Protesters demonstrate against removal of swimming pier from Culver beach

Dozens of protesters gathered along Lake Shore Drive alongside Culver's town park Sunday afternoon to decry what they feel is the unfair removal of the longstanding swimming pier at the public beach there.

Park superintendent Kelly Young acknowledged the pier was removed in its entirety -- save for the section on which the lifeguard chair is mounted -- the previous Tuesday, July 23, and that there are currently no plans in place to reinstall it.

Young said the action came due to an "ongoing battle" with park patrons who don't follow the posted rules concerning the pier. She emphasized she and park staff made attempts to curb the behavior using a variety of methods including "time outs," speaking with the parents of youthful rule-breakers, and even shutting down the pier completely for one evening. Young added she contacted Culver park board president Tammy Shaffer, who witnessed the problems on several occasions. Young consulted Shaffer to seek her approval prior to removing the pier.

Contrary to some rumors regarding removal of the pier, Young said the decision was "not related whatsoever" to the July 14 drowning incident at the swimming beach.

For her part, board president Shaffer called the decision, "Strictly a public safety measure until a plan is developed and properly executed.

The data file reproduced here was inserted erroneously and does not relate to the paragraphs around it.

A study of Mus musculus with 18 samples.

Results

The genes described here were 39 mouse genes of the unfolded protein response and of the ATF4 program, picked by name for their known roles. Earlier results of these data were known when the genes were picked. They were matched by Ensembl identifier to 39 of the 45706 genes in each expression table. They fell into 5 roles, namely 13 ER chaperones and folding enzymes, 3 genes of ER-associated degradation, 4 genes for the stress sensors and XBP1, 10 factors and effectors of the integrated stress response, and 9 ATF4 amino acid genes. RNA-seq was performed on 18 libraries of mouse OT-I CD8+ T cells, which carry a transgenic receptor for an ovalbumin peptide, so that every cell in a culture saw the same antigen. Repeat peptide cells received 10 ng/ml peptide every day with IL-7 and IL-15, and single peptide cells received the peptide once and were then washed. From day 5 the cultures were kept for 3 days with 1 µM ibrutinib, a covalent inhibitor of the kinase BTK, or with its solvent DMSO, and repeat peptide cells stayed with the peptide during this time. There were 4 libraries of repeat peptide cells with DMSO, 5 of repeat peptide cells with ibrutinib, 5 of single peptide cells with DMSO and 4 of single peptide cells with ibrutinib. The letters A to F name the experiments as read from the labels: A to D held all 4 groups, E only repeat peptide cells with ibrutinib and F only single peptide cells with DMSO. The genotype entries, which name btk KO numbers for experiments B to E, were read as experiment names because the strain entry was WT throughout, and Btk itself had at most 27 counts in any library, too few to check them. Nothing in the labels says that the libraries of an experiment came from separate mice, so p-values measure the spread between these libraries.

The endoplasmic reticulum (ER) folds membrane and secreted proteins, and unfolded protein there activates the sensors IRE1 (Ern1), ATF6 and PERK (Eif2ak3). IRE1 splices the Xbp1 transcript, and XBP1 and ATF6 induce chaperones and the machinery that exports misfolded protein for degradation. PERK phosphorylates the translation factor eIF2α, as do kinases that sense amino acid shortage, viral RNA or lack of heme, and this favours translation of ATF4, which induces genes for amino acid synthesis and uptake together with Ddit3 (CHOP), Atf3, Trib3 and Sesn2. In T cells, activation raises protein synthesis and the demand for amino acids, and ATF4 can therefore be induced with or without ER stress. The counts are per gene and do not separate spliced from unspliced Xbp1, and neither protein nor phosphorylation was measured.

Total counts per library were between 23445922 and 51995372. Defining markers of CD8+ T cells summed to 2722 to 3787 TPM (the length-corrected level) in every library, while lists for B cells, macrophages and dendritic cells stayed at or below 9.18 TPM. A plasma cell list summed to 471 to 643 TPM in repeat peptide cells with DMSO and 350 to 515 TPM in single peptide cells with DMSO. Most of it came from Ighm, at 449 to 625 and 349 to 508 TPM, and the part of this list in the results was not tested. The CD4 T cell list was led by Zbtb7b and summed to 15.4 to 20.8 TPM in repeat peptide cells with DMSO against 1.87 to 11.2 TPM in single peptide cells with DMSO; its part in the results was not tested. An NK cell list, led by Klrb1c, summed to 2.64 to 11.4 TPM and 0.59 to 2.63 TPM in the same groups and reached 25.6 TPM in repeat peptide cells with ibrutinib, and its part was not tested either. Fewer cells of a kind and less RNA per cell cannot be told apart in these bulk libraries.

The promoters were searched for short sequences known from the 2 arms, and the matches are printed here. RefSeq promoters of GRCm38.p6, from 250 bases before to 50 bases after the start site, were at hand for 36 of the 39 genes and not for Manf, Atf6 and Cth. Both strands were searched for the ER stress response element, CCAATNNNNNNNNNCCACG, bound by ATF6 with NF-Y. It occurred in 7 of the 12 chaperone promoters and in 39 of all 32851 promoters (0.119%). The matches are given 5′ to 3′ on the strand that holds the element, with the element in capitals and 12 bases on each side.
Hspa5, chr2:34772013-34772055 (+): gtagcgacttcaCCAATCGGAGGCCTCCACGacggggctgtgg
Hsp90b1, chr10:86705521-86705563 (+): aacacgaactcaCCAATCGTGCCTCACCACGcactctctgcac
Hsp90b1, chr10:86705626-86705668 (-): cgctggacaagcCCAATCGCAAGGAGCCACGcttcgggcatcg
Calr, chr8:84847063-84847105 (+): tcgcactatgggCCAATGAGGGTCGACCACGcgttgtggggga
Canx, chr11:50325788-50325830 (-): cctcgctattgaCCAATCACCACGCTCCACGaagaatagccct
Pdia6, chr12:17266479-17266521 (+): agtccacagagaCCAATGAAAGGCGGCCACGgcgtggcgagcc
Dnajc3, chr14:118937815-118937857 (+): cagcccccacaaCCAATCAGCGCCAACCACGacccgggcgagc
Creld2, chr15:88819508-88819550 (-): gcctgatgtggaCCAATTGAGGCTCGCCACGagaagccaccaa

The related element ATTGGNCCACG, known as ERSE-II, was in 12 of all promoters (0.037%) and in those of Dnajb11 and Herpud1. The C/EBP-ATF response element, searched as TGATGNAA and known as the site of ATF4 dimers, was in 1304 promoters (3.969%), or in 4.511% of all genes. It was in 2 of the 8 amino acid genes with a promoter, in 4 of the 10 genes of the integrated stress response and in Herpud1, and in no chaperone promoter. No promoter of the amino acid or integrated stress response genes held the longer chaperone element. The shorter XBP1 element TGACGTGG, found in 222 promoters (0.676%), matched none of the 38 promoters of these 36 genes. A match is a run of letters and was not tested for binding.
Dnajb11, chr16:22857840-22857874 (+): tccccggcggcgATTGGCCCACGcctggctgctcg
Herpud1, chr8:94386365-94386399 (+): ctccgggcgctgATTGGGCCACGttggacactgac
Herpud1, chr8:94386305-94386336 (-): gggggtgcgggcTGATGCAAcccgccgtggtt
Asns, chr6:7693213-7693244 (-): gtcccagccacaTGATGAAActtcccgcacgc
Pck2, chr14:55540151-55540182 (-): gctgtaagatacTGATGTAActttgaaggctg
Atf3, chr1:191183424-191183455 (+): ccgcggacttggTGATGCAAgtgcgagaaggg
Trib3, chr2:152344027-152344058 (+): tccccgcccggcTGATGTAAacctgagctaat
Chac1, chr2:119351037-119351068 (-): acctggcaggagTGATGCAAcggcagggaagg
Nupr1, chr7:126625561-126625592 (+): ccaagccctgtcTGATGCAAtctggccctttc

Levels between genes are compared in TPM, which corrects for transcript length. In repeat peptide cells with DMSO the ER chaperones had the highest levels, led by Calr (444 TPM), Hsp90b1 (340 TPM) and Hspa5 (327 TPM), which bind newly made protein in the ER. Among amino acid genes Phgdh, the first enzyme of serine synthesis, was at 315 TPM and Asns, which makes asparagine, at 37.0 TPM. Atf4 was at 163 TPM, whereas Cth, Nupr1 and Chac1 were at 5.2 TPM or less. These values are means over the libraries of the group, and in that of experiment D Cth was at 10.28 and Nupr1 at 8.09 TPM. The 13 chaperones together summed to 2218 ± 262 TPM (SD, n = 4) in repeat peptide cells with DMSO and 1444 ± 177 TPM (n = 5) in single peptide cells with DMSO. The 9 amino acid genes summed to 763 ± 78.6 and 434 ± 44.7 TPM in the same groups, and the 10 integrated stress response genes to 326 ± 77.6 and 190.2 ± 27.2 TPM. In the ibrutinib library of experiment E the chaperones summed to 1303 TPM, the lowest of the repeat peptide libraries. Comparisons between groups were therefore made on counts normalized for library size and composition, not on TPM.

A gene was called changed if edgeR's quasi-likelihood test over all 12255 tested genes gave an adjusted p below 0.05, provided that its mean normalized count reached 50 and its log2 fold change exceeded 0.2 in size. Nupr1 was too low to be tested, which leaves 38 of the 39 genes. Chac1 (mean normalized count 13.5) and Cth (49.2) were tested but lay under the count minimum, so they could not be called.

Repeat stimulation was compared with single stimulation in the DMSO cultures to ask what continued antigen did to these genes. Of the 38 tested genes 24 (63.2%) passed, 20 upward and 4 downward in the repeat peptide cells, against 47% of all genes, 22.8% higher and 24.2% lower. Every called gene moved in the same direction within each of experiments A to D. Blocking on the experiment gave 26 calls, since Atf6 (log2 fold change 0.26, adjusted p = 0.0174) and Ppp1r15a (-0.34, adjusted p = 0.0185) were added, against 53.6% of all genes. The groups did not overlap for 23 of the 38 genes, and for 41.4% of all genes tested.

"I would rather be safe than sorry when it comes to injury or loss of life," she added. "The swim pier may go back in with proper planning at the appropriate time. A life or quality of life...I would be unable to replace due to an injury or death."

Park board member Patty Stallings, who was involved in Sunday's protest at the park (and who elaborated on her position in a letter to the editor in this week's edition of The Culver Citizen), specifically questioned whether the superintendent and board president alone had proper authority to make a decision as impactful to the community as removing the pier.

"This was a ridiculous decision to (make)," she continued. "Kids have been running, pushing and swimming under that pier for as long as there was a beach, and the superintendent and staff have always managed the behavior of the kids. We are punishing all the children for the action of a few. If Kelly Young can't control such behavior, then let's get someone who can. Stop blaming the children for what is a lack of control by the park superintendent."

Culver resident John Helphrey, also a member of the protesting group, expressed similar feelings, noting playground equipment in the park is not removed when youngsters are injured on it or abuse it and questioning why the pier wouldn't be viewed the same way.

"If the park superintendent is giving up the responsibility (of oversight of behavior on the pier), she should have more lifeguards and training. She's taken away something the kids should have," he said.

He also called the matter "another straw on the camel's back," presumably a reference to a string of controversies surrounding the park over the past few years.

"(Young is) not being held accountable."